The outrage industry is so self-righteous and out of control that we no longer think anything of taking part in acts of public shaming that have been outlawed for centuries as uncivilised and inconsistent with the rule of law. Lynchings (by online mobs) and burning at the stake (of 24-hour news coverage) have become the norm – not as gory, of course, as in 15th century France, Tudor England or America in the 1700s, but no less life-changing for the accused.
Consider the recent case of prominent Canadian environmental scientist Faisal Moola. He was trolled and subject to racist attacks on social media just because he dared to express support for a fast-food chain’s decision to stop running adverts by a company involved in a controversial pipeline project.
No sooner had Mr Moola, an adjunct professor at the University of Toronto and a director of one of Canada’s largest environmental organisations, congratulated the Tim Hortons chain than he was assailed as a “foreign-funded extremist, a terrorist, a radical, an Arab with Middle Eastern oil connections”.
The scientist, whose family is from South Africa and who was born and bred in Canada, said he was told to “go back where I came from”. The attacks started after a well-known pro-oil Canadian pundit and broadcaster tweeted that Mr Moola was “a US-funded anti-oil troll and lobbyist.”
It served as a virtual call to arms for the vigilante forces standing guard over certain strands of opinion.
But this sort of online tearing of limb from limb is so frequent now that we scarcely notice its grotesqueness. A couple of weeks ago, Guy Benson and Mary Katherine Ham, two leading lights of America’s conservative media, addressed the increasingly powerful and destructive outrage culture in a new book appropriately titled End of Discussion. They explained the provocation for the book as follows: “What seems new is the weaponisation of outrage over the slightest of perceived offences. Self-righteous scolding is giving way to a campaign of exacting retribution. The paradigm is shifting away from ‘I may disagree with what you say, but I’ll defend to the death your right to say it,’ to ‘I disagree with what you say, so I’ll eagerly join the punishment mob, you bigot’.”
Coinciding with the book launch came two particularly powerful illustrations of their argument. American comedian Jerry Seinfield’s comment that college campuses have become too politically correct to be able to take jokes in the spirit they are intended and British Nobel Prize-winning scientist Sir Tim Hunt’s “trouble with girls in the lab” remarks. (You fall in love with them, they fall in love with you, and when you criticise them, they cry.)
Seinfield was immediately besieged by a torrent of abuse for publicly professing not to love political correctness and Sir Tim was forced to resign from his honorary job at a leading London college and from the European Research Council, which he helped set up. Many of his scheduled speaking engagements were swiftly cancelled. In his words, he had “become toxic.”
Is this progress, the democratisation of justice perhaps, or is it a regression to the sort of cruelty as public sport that was common in Shakespeare’s day? In 1600s London, as British Museum director Neil MacGregor describes it, “the execution of criminals was, if not exactly public entertainment, then certainly public spectacle. You might perfectly well go to Tyburn near Marble Arch in the morning, to witness a public hanging and then move on after lunch to watch Macbeth lose his head or the Earl of Gloucester both his eyes”. Today’s culture of outrage often manages the same sort of virtual human butchery – a morning of Twitter defenestration, an afternoon of Facebook flaying.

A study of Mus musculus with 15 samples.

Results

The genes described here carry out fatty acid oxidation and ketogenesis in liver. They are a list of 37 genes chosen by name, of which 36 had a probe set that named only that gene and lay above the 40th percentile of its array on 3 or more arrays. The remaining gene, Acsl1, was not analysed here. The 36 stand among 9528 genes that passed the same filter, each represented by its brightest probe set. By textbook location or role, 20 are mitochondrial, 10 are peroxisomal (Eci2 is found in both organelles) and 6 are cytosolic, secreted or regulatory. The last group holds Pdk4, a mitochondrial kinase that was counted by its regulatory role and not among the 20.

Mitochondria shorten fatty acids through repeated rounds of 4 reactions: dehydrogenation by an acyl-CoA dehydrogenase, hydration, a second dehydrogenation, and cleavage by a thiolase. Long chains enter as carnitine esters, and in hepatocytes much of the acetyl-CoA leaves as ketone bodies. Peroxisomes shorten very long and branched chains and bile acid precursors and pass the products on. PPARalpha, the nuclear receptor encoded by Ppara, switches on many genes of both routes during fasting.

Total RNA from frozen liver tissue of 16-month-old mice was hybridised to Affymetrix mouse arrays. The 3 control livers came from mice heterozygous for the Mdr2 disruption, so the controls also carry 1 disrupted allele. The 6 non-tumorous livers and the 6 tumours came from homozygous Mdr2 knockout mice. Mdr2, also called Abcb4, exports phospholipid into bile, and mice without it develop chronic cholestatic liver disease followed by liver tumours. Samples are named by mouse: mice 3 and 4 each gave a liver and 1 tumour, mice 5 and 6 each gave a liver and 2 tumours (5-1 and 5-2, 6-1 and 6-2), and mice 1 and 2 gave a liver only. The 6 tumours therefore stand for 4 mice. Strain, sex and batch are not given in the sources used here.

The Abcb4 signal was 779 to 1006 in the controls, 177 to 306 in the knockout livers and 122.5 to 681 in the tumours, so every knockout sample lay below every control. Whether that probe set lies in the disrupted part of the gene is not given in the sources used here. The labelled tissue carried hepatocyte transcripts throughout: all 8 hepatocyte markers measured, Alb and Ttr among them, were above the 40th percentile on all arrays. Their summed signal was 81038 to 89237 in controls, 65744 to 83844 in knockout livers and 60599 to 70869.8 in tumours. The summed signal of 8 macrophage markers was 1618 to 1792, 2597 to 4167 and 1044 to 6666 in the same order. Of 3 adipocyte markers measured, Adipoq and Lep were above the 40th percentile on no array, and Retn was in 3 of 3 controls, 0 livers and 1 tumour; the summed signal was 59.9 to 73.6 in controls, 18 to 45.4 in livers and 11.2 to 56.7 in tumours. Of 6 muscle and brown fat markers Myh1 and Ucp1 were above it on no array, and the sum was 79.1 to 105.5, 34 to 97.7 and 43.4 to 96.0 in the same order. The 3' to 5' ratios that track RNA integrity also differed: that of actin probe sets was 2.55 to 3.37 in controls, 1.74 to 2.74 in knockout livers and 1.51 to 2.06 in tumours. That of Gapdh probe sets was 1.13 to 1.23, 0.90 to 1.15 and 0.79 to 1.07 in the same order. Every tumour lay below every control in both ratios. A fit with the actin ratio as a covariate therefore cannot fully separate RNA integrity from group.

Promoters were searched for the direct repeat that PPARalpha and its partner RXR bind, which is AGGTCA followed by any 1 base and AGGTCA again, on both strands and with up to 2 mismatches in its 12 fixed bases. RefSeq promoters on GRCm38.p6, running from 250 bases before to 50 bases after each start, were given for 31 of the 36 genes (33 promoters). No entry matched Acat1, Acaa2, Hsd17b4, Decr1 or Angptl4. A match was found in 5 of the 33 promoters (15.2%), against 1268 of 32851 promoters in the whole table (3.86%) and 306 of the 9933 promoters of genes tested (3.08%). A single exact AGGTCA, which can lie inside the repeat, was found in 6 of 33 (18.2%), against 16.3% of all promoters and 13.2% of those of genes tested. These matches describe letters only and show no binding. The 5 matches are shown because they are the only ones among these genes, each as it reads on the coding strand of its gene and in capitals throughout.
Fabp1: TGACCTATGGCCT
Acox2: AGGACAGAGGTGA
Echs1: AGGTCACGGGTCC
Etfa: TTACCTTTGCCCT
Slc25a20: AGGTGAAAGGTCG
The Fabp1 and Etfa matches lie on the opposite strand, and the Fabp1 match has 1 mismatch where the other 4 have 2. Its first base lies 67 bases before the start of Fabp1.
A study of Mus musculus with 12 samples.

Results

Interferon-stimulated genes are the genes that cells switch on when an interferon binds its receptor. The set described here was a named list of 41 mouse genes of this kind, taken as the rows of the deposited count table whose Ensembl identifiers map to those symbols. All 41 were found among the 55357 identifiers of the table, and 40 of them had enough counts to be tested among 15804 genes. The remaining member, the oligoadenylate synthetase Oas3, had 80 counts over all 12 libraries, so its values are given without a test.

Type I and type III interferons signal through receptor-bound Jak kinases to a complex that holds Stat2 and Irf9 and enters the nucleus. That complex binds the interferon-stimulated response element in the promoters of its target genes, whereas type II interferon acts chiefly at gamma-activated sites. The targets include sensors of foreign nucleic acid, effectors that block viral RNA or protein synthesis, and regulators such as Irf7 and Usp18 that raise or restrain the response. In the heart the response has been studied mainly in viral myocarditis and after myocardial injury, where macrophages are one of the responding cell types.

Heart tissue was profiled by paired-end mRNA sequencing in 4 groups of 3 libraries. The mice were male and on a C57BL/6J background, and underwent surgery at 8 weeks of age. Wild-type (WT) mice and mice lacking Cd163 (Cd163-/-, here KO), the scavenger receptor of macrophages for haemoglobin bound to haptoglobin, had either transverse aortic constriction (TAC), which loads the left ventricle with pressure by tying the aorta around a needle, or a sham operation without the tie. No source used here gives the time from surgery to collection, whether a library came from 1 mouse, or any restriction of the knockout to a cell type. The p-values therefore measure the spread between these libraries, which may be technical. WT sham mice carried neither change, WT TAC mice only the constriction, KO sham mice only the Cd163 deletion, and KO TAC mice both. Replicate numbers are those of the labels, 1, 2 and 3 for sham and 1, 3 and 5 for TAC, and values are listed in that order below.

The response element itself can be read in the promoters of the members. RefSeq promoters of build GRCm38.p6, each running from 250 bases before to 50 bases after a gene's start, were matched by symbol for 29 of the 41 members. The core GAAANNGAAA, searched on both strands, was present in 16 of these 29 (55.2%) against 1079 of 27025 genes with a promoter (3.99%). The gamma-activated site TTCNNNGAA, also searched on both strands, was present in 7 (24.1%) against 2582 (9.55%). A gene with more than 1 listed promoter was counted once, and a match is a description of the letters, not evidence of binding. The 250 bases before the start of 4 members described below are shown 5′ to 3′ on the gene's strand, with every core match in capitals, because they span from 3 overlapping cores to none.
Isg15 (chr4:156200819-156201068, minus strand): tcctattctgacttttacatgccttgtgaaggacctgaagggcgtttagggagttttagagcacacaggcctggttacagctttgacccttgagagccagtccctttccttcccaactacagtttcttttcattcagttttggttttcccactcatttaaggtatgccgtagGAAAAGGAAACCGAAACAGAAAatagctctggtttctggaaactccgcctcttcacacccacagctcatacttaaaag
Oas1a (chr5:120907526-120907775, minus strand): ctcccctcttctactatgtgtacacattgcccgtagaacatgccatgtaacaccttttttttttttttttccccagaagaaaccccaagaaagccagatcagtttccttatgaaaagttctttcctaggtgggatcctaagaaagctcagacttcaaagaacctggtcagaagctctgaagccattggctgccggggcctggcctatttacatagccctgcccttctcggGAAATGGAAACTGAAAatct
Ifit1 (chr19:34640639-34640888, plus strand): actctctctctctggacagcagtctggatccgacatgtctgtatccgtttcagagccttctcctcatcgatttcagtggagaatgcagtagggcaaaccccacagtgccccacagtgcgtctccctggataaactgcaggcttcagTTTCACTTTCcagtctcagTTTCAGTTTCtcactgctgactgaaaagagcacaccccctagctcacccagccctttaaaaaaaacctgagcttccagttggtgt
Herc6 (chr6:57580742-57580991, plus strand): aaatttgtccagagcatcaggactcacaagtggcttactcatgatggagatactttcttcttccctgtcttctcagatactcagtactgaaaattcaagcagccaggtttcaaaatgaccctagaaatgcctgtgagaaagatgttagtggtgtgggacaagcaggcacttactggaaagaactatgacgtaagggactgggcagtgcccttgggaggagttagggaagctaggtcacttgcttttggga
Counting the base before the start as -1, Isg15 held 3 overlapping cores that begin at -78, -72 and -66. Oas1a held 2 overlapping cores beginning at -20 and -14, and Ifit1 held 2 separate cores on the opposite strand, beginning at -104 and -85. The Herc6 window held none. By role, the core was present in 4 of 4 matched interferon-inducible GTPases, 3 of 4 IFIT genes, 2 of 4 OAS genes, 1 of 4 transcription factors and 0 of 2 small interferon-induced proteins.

Mr Moola, Jerry Seinfeld and Sir Tim are good examples of what Benson and Ham describe as the “rising social costs of crossing the Thought Police”. These costs include notoriety and shame, the loss of friends and even one’s livelihood. The outrage index is soaring among people of all political stripe – or none. Remember Justine Sacco, whose tweet led to her losing her job and a public shaming of outrageous proportions two years ago?
Ms Sacco was flying to South Africa and tweeted as follows: “Going to Africa. Hope I don’t get Aids. Just kidding. I’m white!”
She didn’t have many Twitter followers – just 170 as it happened – and yet, 11 hours later, she turned on her phone to find that she was the number one trending topic worldwide and the target of an online mob that was outraged by her “racism”. She lost her job and experienced the full force of a collective fury that hunted her down and shamed her into near depression. She is, of course, hardly the most outrageous instance of social media mobs and internet vigilante justice.
In early 2010, The New York Times ran an extraordinary story on what it called a Chinese phenomenon – human-flesh search engines or renrou sousuo yinqing. It described them as follows: “They are a form of online vigilante justice in which internet users hunt down and punish people who have attracted their wrath. The goal is to get the targets of a search fired from their jobs, shamed in front of their neighbours, run out of town. It’s crowdsourced detective work, pursued online – with offline results.” Dreadful offline results.
Ignominy is well known to be a fate worse than death, as Benjamin Rush, a prominent Philadelphia physician who signed America’s Declaration of Independence, wrote around that time. His paper argued for a liberation from public shaming, the stocks, the pillory, the whipping post. The pillory and whippings were all but abolished in the US at the federal level in 1839.
In the age of social media’s gleeful savagery and shame campaigns, are we any further forward?